Some filmmakers dream big.
Director Christopher Nolan's ("Memento," "The Dark Knight") visually stunning and exceptionally cast "Inception" is a cinematic marvel -- a rare film inspired by imagination rather than potential box-office return. Although the big-budget flick features persistent and impressive visual effects, it is also thought-provoking and poignant.
Leonardo DiCaprio headlines the top-notch cast as Dom Cobb, an enigmatic fellow whose expertise is accessing someone's subconscious through their dreams and "extracting" (i.e., stealing) valuable information. Cobb is also a troubled man, hunted by shady government agents and haunted by memories of his deceased wife (Oscar winner Marion Cotillard).
When a powerful businessman (Ken Watanabe) offers Cobb a chance to clear his record and return home to his children, he embraces the opportunity. But the task is far from simple. Cobb and his carefully selected team (which includes "point man" Joseph Gordon-Levitt, "architect" Ellen Page and "forger" Tom Hardy) are to enter the dreams of soon-to-be tycoon Robert Fischer Jr. (Cillian Murphy), and plant an idea, an act known as "inception."
As Cobb and his crew know only too well, dreams can be dangerously unpredictable. While the group dives deeper and deeper into Fischer's subconscious, threats slowly emerge, forcing each member to face the possibility of a mental limbo they may never wake from.
Despite appearances, "Inception" is far more substance than spectacle. There are philosophical, spiritual and moral observations sprinkled throughout (though thankfully not forced down the viewers' throats) and the characters are wonderfully complex. Similarly themed films have been produced over the years -- such as the 1984 Dennis Quaid thriller "Dreamscape," the 1999 blockbuster "The Matrix" and Jim Carrey's 2004 indie hit "Eternal Sunshine of the Spotless Mind" -- though none with as quality a cast or as much dramatic oomph as "Inception."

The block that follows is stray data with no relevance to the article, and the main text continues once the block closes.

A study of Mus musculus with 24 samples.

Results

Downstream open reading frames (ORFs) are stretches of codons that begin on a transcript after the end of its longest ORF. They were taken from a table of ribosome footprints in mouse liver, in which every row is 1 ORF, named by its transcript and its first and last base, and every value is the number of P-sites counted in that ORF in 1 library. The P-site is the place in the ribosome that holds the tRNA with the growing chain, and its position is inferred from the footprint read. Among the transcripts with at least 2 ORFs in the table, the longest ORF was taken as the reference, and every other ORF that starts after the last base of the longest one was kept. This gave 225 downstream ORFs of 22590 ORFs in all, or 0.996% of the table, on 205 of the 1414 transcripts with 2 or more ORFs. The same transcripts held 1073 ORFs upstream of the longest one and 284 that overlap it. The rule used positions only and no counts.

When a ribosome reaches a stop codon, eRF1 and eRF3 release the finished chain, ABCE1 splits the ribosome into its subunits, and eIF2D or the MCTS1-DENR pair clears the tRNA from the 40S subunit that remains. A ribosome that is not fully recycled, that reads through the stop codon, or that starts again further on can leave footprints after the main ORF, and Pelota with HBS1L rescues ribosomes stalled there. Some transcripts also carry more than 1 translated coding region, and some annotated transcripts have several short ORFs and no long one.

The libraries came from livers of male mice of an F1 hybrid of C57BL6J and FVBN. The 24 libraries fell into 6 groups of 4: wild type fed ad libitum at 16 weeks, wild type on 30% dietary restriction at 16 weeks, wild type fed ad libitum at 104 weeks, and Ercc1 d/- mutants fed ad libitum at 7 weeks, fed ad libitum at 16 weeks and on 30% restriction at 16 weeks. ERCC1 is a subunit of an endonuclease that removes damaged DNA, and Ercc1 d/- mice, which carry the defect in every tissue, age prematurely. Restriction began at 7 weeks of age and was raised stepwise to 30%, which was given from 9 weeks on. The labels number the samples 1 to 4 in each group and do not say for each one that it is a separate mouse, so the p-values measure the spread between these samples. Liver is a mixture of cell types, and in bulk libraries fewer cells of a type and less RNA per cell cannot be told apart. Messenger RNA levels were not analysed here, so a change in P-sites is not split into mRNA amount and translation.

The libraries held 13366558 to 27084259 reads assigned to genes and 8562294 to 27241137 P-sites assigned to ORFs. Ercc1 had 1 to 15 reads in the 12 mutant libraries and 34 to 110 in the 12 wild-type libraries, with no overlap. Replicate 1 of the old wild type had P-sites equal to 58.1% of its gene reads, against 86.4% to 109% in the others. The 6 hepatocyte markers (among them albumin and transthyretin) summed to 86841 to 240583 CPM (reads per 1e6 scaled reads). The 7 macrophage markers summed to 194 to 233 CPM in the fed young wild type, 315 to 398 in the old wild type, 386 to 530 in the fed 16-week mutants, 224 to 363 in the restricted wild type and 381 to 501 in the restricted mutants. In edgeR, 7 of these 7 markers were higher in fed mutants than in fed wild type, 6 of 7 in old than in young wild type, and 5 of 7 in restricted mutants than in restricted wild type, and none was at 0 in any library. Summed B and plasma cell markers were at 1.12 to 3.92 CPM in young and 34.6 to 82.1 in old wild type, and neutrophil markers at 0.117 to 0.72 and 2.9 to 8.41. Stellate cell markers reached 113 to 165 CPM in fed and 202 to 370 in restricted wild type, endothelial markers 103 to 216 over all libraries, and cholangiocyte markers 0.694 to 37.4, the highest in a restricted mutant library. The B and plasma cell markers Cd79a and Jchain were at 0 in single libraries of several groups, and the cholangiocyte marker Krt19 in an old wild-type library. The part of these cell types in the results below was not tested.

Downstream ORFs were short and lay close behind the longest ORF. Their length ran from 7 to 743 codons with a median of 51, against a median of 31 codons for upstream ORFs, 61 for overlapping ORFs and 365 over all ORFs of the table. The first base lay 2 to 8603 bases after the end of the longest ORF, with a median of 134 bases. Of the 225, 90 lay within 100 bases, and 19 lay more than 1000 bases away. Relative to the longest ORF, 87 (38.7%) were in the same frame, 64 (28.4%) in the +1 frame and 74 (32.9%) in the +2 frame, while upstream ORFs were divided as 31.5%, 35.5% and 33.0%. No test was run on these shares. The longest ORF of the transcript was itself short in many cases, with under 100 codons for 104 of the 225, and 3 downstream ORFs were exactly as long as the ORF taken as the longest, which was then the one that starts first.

The actors all shine, feeding off one another with thespian prowess. DiCaprio -- easily one of the best actors working today -- serves up yet another raw and riveting performance. Gordon-Levitt plays against type and does so with aplomb as Cobb's no-nonsense right-hand man. British-born actor Hardy ("RocknRolla") is a scene-stealing revelation and Murphy ("Red Eye") offers a sympathetic and sincere portrayal.
When "Juno" darling Ellen Page is the weakest link (Page still gives a terrific performance), we know the ensemble is outstanding. (Nolan even throws in veterans Michael Caine, Tom Berenger and Pete Postlethwaite for good measure.)
Where "Inception" stumbles a bit is in the storyline, which for most will be a little confusing and for others will be downright incomprehensible. It is one of those visionary, nuanced films that at first might be perplexing but becomes clear after a second or third viewing. The movie is almost hypnotic -- a mind-bending experience laced with palpable tension and fueled with drama.